DANVILLE — Tina Bartholomew has been running along trails and roads since she was 11.

She began serving Monday as the first female coach of the 50-member Danville Area High School Girls' Track and Field Team.

She was also the first woman ever inducted into the Bloomsburg University Hall of Fame for women's running, cross-country, indoor and outdoor track in 2014.

Bartholomew succeeds Jeff Brandt, who coached the girls' team. Last season, she served as his assistant. Brandt still serves as head coach for Danville Area High School girls' and boys' cross-country with his wife, Melissa. Jon Vella coaches high school boys' track and field.    

Bartholomew's team began practice on Monday and will practice weekdays after school until about 5:30 p.m. The first meet will be on March 24 with Jersey Shore. The team, of ninth- through 12th-graders, will participate in invitationals on weekends.

Track and field include events such as jumping, throwing and running.

"I think this will be a great opportunity to really reach out to the girls' potential. I understand young ladies and I understand the way they look at many things including competition and I hope I can relate to them in many ways and bring out the best in them," said Bartholomew, who teaches Spanish in kindergarten through second grades and at the high school. She is in her 23rd year of teaching and has taught in the Danville district for 19 years. She also has a master's degree in early childhood education.

One of her team members is daughter, Coyla, a 16-year-old sophomore.

"Any opportunity for a female head coach for a female sport is very important. Tina's enthusiasm and passion for the sport will be a great fit for our track and field program," said Chris Johns, director of student affairs and services.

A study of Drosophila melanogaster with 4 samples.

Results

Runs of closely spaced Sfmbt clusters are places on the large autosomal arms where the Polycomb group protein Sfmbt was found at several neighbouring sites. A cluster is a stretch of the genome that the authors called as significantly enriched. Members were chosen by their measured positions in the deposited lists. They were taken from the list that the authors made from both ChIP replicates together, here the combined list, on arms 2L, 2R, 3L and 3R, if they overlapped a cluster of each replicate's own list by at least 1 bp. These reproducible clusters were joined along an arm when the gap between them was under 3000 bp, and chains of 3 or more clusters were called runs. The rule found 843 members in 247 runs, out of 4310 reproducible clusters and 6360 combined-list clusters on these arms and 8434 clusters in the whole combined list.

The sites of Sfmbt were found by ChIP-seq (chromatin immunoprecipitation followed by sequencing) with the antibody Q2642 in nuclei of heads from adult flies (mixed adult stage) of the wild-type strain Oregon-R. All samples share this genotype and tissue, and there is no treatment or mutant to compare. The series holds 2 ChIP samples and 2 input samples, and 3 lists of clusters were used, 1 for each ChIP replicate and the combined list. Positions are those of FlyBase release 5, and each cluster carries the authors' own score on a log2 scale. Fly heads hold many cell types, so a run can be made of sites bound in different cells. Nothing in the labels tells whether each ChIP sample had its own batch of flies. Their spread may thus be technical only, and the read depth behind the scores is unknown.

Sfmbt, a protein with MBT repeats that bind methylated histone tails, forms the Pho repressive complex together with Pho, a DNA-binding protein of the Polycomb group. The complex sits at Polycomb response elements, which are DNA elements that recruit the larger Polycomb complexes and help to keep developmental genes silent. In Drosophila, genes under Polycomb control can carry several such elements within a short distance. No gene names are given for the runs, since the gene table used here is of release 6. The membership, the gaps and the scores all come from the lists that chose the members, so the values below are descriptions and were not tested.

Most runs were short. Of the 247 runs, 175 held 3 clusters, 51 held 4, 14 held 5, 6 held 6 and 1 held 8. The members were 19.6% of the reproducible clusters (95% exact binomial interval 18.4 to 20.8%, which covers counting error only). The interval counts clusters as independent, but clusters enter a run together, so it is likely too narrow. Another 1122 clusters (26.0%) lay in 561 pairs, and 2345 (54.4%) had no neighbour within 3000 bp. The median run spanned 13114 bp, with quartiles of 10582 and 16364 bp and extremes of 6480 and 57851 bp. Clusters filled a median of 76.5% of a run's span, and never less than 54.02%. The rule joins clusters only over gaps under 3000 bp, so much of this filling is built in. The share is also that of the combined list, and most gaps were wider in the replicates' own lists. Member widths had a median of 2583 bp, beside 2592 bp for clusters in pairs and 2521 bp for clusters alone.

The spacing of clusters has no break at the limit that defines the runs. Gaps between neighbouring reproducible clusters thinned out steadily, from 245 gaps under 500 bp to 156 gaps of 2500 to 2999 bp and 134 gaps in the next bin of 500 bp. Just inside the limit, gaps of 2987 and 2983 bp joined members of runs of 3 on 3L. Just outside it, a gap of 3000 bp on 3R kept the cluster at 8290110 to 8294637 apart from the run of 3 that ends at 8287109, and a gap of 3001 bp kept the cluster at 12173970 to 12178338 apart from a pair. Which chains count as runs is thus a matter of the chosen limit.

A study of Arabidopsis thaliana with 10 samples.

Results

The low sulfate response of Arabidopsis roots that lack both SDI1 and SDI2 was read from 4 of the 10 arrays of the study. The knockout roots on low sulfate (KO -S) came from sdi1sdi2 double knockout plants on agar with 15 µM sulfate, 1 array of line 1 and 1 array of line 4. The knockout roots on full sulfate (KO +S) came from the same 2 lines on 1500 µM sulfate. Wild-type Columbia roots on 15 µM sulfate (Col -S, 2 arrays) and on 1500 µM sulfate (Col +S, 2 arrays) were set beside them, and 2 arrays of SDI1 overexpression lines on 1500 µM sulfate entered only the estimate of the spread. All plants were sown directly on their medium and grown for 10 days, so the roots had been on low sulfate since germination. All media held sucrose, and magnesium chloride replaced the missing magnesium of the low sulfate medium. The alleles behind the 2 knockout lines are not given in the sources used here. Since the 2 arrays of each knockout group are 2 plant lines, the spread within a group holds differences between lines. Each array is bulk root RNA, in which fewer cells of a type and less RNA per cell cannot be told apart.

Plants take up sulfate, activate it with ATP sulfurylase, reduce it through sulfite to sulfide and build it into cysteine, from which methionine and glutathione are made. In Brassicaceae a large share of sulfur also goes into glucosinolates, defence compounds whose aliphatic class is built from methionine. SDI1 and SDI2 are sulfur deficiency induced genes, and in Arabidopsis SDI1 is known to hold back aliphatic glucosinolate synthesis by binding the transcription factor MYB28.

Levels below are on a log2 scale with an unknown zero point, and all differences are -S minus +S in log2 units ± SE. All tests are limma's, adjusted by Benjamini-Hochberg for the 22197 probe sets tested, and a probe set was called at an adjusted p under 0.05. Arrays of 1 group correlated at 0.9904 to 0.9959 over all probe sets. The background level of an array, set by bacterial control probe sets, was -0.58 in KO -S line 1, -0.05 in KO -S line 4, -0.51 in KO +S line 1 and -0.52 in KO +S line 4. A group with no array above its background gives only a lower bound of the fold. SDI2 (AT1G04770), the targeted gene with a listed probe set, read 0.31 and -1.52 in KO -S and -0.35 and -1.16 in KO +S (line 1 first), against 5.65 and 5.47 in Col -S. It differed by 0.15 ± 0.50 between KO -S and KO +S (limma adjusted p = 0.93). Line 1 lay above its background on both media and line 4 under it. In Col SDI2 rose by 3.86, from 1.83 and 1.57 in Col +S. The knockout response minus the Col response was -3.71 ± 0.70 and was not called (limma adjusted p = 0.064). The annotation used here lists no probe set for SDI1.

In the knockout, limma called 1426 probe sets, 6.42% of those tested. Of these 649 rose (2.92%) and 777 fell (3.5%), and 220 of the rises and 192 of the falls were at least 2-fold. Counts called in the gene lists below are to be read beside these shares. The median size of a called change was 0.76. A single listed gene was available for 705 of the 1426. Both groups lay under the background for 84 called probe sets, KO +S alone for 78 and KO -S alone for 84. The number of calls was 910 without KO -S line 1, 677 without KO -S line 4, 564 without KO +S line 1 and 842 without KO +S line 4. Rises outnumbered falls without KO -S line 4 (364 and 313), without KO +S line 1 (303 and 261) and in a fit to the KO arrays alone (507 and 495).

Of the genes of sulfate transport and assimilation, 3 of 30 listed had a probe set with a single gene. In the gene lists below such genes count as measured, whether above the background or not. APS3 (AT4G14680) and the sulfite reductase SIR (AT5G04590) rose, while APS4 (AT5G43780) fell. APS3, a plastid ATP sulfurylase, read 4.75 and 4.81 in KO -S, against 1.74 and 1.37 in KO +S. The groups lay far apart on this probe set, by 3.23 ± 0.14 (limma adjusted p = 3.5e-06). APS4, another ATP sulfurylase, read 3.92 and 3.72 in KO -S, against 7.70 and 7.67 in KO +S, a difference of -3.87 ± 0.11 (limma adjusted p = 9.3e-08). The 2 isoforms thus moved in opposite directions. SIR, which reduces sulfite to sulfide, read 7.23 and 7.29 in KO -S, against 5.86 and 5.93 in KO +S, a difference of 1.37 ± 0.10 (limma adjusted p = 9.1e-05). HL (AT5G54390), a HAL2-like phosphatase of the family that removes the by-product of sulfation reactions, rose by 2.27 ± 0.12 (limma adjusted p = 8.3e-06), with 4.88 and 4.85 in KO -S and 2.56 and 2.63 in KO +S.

He said other female head coaches in the Danville district are Carlene Klena, lacrosse; Danielle Sticklin, swimming and diving; and Sarah Biddle, field hockey.  

Bartholomew also coaches the cross-country team with Vella at Danville Middle School, which includes her 13-year-old eighth-grade twins Hannah and Victoria. Their season is in the fall. Bartholomew's youngest daughter, Charli, 9, in fourth grade, will help with stats for the girl's high school track and field team.

Bartholomew, who loved running when she first started with intramural sports after school in Tunkhannock, won the women's master's division, for ages 40 and older, in 2014 at the Steamtown Marathon. She won the same marathon 12 years before that. Her husband, Chas, ran his first marathon when she won her master's division.

"I ran cross-country and track and field in middle school and kept on running," said Bartholomew, who plans to enter the 10-mile Broad Street Run in May in Philadelphia. She participates in 5Ks and other local races, runs five to seven miles every day and longer on weekends. In the summer, she and her daughters run together. 

She served as co-director of the T-Rail Memorial Day Run in Danville for 15 years. It ended after its 40th year. This year, Robin Adams and her dad George Adams will resume the event with Bartholomew helping them organize the event. 

Serving as coach of the girls' team gives her "an awesome opportunity to share my love of running and the sport of track and field. I get to give back after all these years, enjoy it myself and give back to the athletes at Danville what I have learned and loved for so many years," she said.

She said she served many years on the stadium council "and now I get to coach on it," she said of the track. 

She said running is a sport where "I could go as fast as I could and found myself to be very motivated and always wanting to do better. I loved I was in charge of that and how I wanted to develop my own self through accomplishments year-after-year. The greatest thing is self-accomplishment," she said.

She hopes to help girls on her team "realize they are strong, have great physical abilities and can accomplish what they want to accomplish." 

"I get to see that happen and encourage that accomplishment to help them grow and become great people in life," she said.

"The biggest goal of all is it contributes to what young ladies will become someday," she said.

"It's exciting and there's a lot to it. I have a lot to learn," she said.

She said Brandt, whom she described as a legend at Danville after 40-some years, has offered his help along with his son Christopher assisting with the timing system.